Usual suspects starting to percolate to the top after two races

Updated: February 29, 2008

Start Your Engines

As expected, the Sprint Cup world resumed spinning on its regular axis at California.

Weather snafus aside, the results on the track bore closer resemblance to what the season will likely deliver as far as contenders. Only three members of the 2007 Chase for the Cup class finished in the top 10 at the winter restrictor-plate crapshoot better known as the Daytona 500, but at the Auto Club Speedway the top eight finishers were all in last year's Chase.

Right behind winner Carl Edwards came the central figures of last season's title fight -- champion Jimmie Johnson and runner-up Jeff Gordon.

The familiar Hendrick Chevrolets weren't factors in Florida, as Gordon bowed out with suspension problems and the pole-sitting Johnson got caught in a late crash and was lucky just to finish 200 laps. But with the teammates returning to an intermediate track with the new car that they figured out faster than anyone a year ago, class was back in session.

"Through the course of the limited practice we had on track, we found some things and really got a good direction of where to go with the setup of the car," said Johnson, who jumped to eighth in points. "Had a great race over the two days we raced in Fontana, got a decent finish out of it."

When you combine for 16 wins as Johnson and Gordon did in 2007, seconds and thirds can be deemed only "decent." They approach races like Tiger Woods approaches golf tournaments, and this week they're coming to almost a home course.

Johnson has won three consecutive UAW-Dodge 400s at Las Vegas Motor Speedway, a 1.5-mile oval -- a style not uncommon to the schedule. Gordon won in 2001 and in the past three years hasn't been far behind the No. 48 with three top-5s, including second last year.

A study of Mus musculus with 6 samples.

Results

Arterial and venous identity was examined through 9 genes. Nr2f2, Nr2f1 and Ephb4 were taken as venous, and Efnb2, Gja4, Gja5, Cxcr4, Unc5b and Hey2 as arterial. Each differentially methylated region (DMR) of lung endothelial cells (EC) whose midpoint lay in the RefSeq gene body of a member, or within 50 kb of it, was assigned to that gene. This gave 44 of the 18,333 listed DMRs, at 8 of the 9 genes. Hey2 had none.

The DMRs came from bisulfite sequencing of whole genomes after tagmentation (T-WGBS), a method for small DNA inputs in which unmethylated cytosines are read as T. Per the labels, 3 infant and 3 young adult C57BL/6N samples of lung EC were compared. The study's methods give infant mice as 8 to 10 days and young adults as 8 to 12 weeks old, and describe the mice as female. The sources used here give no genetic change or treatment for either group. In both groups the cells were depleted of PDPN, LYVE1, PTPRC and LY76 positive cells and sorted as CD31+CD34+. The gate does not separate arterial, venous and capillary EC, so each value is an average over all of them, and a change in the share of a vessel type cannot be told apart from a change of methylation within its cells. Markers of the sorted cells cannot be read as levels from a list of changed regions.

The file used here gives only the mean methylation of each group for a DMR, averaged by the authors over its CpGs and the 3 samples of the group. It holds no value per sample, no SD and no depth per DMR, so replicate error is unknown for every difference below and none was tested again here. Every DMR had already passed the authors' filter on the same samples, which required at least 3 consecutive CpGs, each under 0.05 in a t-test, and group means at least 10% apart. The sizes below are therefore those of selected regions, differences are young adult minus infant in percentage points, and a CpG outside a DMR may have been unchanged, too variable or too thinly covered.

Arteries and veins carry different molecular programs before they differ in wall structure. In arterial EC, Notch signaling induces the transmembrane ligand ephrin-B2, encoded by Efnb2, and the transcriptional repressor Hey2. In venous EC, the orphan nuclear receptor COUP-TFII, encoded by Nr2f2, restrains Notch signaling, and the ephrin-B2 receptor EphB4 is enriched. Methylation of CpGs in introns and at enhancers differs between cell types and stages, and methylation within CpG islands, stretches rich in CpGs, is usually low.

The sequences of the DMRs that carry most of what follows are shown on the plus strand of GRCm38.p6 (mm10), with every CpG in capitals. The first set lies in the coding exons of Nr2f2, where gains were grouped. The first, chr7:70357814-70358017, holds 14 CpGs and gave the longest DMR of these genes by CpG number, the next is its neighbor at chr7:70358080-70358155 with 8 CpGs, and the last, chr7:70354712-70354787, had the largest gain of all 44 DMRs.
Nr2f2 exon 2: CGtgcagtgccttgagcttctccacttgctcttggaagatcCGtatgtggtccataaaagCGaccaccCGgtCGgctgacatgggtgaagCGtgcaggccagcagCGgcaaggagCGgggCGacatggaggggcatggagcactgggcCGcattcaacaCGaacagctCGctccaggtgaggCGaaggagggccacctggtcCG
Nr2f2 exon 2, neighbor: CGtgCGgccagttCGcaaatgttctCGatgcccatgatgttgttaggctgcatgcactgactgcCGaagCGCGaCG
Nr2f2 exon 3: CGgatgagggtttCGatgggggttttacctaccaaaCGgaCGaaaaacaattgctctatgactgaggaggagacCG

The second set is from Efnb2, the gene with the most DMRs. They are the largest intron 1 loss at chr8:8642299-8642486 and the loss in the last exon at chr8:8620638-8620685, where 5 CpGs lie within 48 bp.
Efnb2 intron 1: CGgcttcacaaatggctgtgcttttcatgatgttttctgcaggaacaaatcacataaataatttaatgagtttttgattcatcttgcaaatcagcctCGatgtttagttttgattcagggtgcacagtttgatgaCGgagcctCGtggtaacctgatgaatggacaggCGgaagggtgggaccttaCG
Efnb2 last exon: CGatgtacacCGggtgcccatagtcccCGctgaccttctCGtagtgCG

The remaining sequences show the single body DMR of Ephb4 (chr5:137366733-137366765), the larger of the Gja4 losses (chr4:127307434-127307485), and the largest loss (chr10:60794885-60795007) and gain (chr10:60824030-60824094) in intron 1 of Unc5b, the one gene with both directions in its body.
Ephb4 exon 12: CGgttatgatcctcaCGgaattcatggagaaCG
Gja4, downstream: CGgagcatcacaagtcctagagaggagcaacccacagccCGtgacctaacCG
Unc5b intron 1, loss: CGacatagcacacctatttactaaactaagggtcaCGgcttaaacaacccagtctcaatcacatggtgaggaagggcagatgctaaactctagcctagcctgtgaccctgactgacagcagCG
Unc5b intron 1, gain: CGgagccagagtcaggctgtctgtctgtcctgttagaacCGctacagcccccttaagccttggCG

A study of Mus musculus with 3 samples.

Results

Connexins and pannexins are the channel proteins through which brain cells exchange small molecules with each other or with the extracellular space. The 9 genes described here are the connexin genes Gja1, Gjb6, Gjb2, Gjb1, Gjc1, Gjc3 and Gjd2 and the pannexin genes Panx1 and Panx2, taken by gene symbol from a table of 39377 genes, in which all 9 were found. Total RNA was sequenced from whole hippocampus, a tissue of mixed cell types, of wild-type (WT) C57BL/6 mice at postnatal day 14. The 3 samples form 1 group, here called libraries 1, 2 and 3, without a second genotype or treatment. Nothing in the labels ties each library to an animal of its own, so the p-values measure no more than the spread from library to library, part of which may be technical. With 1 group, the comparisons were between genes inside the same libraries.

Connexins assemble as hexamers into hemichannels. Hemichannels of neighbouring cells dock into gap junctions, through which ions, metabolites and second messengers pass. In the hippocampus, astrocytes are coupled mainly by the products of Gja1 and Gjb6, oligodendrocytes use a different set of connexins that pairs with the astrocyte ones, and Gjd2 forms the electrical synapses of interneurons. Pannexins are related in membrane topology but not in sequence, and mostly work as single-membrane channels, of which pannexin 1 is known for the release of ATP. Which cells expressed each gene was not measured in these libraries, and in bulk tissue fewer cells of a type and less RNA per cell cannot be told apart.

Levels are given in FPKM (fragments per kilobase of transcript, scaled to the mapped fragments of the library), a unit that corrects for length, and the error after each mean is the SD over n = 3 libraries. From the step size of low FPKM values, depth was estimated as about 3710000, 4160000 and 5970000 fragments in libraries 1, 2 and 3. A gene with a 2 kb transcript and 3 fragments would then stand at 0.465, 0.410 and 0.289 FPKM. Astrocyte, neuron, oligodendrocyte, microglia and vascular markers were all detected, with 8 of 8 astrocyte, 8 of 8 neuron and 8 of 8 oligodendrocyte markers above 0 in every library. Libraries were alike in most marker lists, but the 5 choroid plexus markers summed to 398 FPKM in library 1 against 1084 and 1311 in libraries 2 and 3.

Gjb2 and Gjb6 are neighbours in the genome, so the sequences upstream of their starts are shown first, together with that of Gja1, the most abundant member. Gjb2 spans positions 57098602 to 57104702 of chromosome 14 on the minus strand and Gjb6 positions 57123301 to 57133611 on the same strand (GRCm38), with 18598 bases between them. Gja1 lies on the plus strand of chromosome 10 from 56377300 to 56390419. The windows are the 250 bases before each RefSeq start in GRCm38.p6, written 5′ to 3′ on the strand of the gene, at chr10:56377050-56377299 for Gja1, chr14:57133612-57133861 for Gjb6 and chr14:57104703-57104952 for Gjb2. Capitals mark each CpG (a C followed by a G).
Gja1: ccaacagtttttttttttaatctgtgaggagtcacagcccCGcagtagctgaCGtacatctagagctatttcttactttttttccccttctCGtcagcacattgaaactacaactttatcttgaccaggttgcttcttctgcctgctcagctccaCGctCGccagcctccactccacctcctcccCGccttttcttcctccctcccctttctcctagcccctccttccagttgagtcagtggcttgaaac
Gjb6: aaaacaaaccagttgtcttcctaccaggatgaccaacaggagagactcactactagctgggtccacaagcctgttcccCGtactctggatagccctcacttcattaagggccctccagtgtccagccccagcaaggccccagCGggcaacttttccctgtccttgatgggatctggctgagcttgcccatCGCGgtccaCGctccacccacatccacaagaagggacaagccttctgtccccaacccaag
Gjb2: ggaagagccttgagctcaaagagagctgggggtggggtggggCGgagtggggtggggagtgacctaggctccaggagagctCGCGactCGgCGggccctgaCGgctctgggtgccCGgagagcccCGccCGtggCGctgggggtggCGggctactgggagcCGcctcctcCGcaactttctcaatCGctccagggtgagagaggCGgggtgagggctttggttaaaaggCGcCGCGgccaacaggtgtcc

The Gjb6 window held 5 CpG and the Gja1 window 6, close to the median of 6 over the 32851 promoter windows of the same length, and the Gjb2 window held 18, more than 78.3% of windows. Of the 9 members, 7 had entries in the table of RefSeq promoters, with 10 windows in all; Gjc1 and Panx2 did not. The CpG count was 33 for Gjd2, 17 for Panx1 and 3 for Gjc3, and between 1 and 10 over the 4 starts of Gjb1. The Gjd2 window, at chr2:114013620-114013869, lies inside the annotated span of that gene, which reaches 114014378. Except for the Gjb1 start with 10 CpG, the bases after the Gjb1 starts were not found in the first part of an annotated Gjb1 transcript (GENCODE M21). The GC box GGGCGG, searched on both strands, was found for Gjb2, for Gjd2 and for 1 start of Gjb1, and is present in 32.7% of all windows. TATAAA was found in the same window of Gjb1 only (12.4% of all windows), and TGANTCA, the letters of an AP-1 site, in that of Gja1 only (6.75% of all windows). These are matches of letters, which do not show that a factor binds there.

"We'll certainly be able to challenge for four [in a row] race wins out there," Johnson said. "It's going to be tough. I see a lot of fast cars and I know a lot of teams are going to be smarter after this opening round of downforce-racing tracks."

The intermediates are still a question mark with the new car, but Hendrick Motorsports' knack of knowing slightly more than everyone else certainly showed last year at short ovals and elsewhere the new car debuted.

That makes Johnson and Gordon still the ones to beat until proven otherwise, and good luck outsmarting them at Vegas.

"We looked at the telemetry during the Las Vegas test and the new car was 13 mph slower in the middle of the corner compared to the old car," Gordon said. "That's a great comparison of the speed differential between the two, but we're not racing against the older car. We're racing against other teams. We don't need to be faster than the older car, just faster than the other teams."

Rocket Man

Carl Edwards: Not too many will look back fondly on the two-day Auto Club 500 and Track Drying Extravaganza, but for the No. 99 Roush Fenway Ford team it was a show of strength.

Doesn't happen every week that someone can leave the Hendrick Motorsports cars in the dust, but Edwards did in passing second-place Jimmie Johnson and third-place Jeff Gordon down the stretch, building a lead of nearly four seconds when a caution froze the field at the end. Gordon said Edwards was in "another league." So much for being lethargic on a Monday morning restart.

"I told my guys, 'We got them right where we want them,'" said Edwards, who finished an indifferent 19th the week before at Daytona. "This is what we prepare for. The tougher it gets, the more competitive it is, we have a 55-hour red flag and we're still going to go out there and race as hard as possible. That's what we prepare for. That's what I prepare for. I enjoy that kind of stuff."

John Schwarb is a motorsports contributor to ESPN.com. He can be reached at johnschwarb@yahoo.com.